Distribution Free Evolvability of Polynomial Functions over all Convex Loss Functions

Authors: Paul Valiant
Accepted on: 16th January 2012 21:39
Downloads: 766
Keywords: 


Abstract:

We formulate a notion of evolvability for functions with domain and range that are real-valued vectors, a compelling way of expressing many natural biological processes. We show that linear and fixed-degree polynomial functions are evolvable in the following dually robust sense: There is a single evolution algorithm that for all convex loss functions converges for all distributions.

It is possible that such dually robust results can be achieved by simpler and more natural evolution algorithms. In the second part of the paper we introduce a simple and natural algorithm that we call "wide-scale random noise" and prove a corresponding result for the $L_2$ metric. We conjecture that the algorithm works for more general classes of metrics.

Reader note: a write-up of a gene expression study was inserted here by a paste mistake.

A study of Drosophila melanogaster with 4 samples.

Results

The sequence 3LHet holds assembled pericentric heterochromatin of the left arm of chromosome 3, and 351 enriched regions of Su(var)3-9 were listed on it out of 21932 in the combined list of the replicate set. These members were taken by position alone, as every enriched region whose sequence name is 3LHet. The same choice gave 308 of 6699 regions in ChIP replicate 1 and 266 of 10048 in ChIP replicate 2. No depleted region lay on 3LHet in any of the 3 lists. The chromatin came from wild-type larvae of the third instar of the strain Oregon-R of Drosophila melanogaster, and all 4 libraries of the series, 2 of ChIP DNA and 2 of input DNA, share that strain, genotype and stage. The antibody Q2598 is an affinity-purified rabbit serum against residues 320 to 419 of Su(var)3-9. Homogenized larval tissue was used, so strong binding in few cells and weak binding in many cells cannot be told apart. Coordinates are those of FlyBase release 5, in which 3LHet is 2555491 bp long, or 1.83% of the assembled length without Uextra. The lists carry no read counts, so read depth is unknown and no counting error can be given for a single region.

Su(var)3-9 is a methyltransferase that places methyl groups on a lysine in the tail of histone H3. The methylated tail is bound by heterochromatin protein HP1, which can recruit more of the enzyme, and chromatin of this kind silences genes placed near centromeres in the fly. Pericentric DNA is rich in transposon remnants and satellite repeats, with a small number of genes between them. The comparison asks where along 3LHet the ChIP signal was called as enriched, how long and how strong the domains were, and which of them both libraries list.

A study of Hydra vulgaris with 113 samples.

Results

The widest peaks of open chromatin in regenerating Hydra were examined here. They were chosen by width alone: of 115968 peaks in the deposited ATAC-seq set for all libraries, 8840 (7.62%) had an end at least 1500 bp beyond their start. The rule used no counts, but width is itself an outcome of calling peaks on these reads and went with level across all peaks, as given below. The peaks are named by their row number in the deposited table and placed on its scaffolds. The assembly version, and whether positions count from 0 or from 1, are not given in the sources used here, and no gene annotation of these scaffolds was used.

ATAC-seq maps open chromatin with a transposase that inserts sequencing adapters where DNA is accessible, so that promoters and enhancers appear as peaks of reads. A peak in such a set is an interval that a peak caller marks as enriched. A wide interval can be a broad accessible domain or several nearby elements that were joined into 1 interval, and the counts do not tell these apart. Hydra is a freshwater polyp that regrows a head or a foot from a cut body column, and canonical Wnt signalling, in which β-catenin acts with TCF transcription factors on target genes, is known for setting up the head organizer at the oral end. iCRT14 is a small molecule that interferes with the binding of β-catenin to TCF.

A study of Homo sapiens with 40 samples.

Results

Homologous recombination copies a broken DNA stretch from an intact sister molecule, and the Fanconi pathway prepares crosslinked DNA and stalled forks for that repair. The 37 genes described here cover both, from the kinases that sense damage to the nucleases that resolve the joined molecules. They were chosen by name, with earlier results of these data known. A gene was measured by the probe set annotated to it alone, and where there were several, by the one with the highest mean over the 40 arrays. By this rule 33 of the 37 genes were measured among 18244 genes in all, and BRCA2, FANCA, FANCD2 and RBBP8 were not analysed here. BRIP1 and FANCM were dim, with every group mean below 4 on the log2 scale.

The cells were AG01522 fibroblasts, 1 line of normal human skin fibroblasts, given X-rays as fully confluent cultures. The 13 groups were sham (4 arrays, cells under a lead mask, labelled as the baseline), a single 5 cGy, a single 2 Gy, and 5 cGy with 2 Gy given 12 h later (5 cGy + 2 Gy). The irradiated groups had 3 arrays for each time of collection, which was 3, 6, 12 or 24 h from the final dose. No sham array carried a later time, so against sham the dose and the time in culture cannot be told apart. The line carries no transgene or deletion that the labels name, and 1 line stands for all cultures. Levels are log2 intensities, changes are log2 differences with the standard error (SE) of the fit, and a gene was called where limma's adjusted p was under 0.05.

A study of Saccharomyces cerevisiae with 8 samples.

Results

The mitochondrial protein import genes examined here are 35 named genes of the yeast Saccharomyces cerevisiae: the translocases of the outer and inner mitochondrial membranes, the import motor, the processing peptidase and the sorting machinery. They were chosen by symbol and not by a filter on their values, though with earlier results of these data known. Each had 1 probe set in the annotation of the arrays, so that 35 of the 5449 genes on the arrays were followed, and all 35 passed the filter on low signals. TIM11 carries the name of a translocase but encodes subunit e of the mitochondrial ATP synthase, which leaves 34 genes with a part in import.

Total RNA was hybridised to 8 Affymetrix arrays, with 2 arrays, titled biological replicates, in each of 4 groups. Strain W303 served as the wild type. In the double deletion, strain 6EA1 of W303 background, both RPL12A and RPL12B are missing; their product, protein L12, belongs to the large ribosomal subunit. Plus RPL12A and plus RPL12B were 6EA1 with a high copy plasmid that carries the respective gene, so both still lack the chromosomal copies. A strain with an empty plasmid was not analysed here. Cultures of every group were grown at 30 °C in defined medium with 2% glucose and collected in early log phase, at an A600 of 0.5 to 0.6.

Paper:

TR11-089 | 7th June 2011 00:40

Distribution Free Evolvability of Polynomial Functions over all Convex Loss Functions





TR11-089
Authors: Paul Valiant
Publication: 10th June 2011 09:41
Downloads: 1173
Keywords: 


Abstract:

We formulate a notion of evolvability for functions with domain and range that are real-valued vectors, a compelling way of expressing many natural biological processes. We show that linear and fixed degree polynomial functions are evolvable in the following dually robust sense: There is a single evolution algorithm that for all convex loss functions converges for all distributions. Existing results suggest that for Boolean function evolution no correspondingly general result is possible.

It is possible that such dually robust results can be achieved by simpler and more natural evolution algorithms. In the second part of the paper we introduce a simple and natural algorithm that we call "wide-scale random noise" and prove a corresponding result for the L_2 metric. We conjecture that the algorithm works for more general classes of metrics.